Enterprise Architecture Body of Knowledge
EABOK Knowledge Areas

An Enterprise Architecture (EA) translates business vision and strategy into effective enterprise change by creating, communicating and improving the key requirements, principles, drivers and models that describe the enterprise's future state and enable its evolution. The EA establishes the organization-wide roadmap to achieve the mission through optimal performance of its core business functions within an efficient information technology (IT) environment. Enterprise architectures are blueprints; they define the organization's current (baseline) and desired (target) environments, and specify the mechanisms to systematically transform the enterprise to achieve target outcomes.

The EABOK provides a living, evolving reference of ready-to-use knowledge about EA. The EABOK is decomposed into five knowledge areas that roughly correspond to phases in the EA development lifecycle planning, managing, developing, using and measuring the EA. The phases do not imply sequential ordering. Indeed, some phases (e.g. managing the EA) operate in parallel with the other phases. Furthermore, EAs may be developed in an incremental fashion, resulting in early iterations of the EA being in the usage and measurement phases while subsequent iterations are being planned. The lifecycle phases are intended to help the reader to find appropriate references and guidance based on their interests and their roles in the EA program.

Planning an EA

During the planning phase, the scope, purpose and focus of the EA are defined. The EA plan should support and align to the organization's strategic goals and objectives. The plan should take into consideration drivers such as laws, mandates or policies.

Managing an EA

Managing the EA involves establishing, monitoring, and controlling the EA project throughout the lifecycle. The EA manager must communicate the EA plans to stakeholders, and ensure support and buy-in of the strategic vision. The EA manager creates the governance mechanisms and structures, establishes boards and working groups, and ensures and appropriate balance of empowerment, focus and control.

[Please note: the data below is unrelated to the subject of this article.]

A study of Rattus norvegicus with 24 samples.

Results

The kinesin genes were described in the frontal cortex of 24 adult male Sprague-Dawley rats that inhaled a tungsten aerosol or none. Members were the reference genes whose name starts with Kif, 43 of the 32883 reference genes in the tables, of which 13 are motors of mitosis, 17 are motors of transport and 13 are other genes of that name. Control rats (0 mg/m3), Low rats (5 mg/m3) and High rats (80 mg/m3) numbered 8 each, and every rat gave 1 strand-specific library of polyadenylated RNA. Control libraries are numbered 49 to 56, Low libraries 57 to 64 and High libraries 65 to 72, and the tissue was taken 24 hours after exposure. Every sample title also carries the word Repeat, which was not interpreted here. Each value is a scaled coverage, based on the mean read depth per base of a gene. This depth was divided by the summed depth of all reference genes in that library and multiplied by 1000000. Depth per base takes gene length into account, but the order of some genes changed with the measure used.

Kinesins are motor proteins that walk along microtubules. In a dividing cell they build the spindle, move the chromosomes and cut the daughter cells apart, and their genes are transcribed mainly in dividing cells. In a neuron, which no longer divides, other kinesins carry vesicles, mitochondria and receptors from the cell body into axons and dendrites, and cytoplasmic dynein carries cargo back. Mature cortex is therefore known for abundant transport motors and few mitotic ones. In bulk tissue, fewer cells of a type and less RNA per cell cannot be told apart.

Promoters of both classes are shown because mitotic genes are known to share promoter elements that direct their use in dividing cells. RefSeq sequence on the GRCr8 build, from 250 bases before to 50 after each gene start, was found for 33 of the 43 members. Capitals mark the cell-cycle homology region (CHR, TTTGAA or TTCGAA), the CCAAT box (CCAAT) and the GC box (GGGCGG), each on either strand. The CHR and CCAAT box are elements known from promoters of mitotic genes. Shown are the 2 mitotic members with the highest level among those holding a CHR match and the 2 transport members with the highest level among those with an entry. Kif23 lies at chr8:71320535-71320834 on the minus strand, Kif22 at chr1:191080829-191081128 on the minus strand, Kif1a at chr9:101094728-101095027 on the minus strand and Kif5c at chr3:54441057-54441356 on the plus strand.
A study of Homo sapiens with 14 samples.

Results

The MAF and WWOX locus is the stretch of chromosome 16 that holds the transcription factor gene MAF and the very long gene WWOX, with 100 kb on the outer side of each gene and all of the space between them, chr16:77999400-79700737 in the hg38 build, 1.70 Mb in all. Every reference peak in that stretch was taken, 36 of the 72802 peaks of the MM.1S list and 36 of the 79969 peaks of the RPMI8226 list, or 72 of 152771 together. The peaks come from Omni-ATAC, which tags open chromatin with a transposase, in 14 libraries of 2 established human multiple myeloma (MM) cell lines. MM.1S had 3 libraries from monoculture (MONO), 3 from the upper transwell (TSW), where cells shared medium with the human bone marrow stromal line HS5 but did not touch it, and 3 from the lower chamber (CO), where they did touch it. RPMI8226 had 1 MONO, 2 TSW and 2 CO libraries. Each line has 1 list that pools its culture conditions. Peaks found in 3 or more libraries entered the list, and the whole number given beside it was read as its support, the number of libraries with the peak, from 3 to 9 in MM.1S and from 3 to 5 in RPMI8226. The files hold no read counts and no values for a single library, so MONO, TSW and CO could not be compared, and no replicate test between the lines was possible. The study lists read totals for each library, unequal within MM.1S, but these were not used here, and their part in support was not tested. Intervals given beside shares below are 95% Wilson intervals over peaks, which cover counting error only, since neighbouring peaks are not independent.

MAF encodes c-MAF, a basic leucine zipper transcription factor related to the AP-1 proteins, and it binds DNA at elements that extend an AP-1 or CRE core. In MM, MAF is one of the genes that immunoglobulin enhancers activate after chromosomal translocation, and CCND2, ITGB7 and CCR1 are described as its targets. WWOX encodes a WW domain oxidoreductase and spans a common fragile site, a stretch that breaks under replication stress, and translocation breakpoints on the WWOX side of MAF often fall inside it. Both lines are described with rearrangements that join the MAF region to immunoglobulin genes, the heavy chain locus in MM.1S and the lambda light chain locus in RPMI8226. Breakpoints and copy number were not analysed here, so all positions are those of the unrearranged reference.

Developing an EA

Developing an EA includes all the activities associated with creating and maintaining the enterprise architecture for a specific purpose. The EA provides the blueprint for transforming the enterprise from the current state to the desired end state in order to achieve strategic outcomes. That desired end state may address organizational change, business process transformations, data integration, systems reengineering or technology modernization.

Using an EA

The EA is a tool for many individuals within an enterprise to include executives, managers, engineering staff, cost analysts, domain experts, and end users. Managers and executives use the EA to ensure investments and systems are linked to the mission and strategy for an organization.

Measuring the Impact of EA

Keeping an EA program on track to meet the organization's needs requires constant measurement, review and adjustment. An effective EA program can provide value to the enterprise far in excess of the costs of developing the EA. On the other hand, ineffective EA programs tend to produce "shelf ware"—artifacts that are obsolete by the time they are completed and that are never used.

Perspectives on EA

Some knowledge about EA does not fit into any one of the life-cycle-based Knowledge Areas of the EABOK. In general, this knowledge is cross-cutting or "meta-level" knowledge that represents different perspectives on the discipline.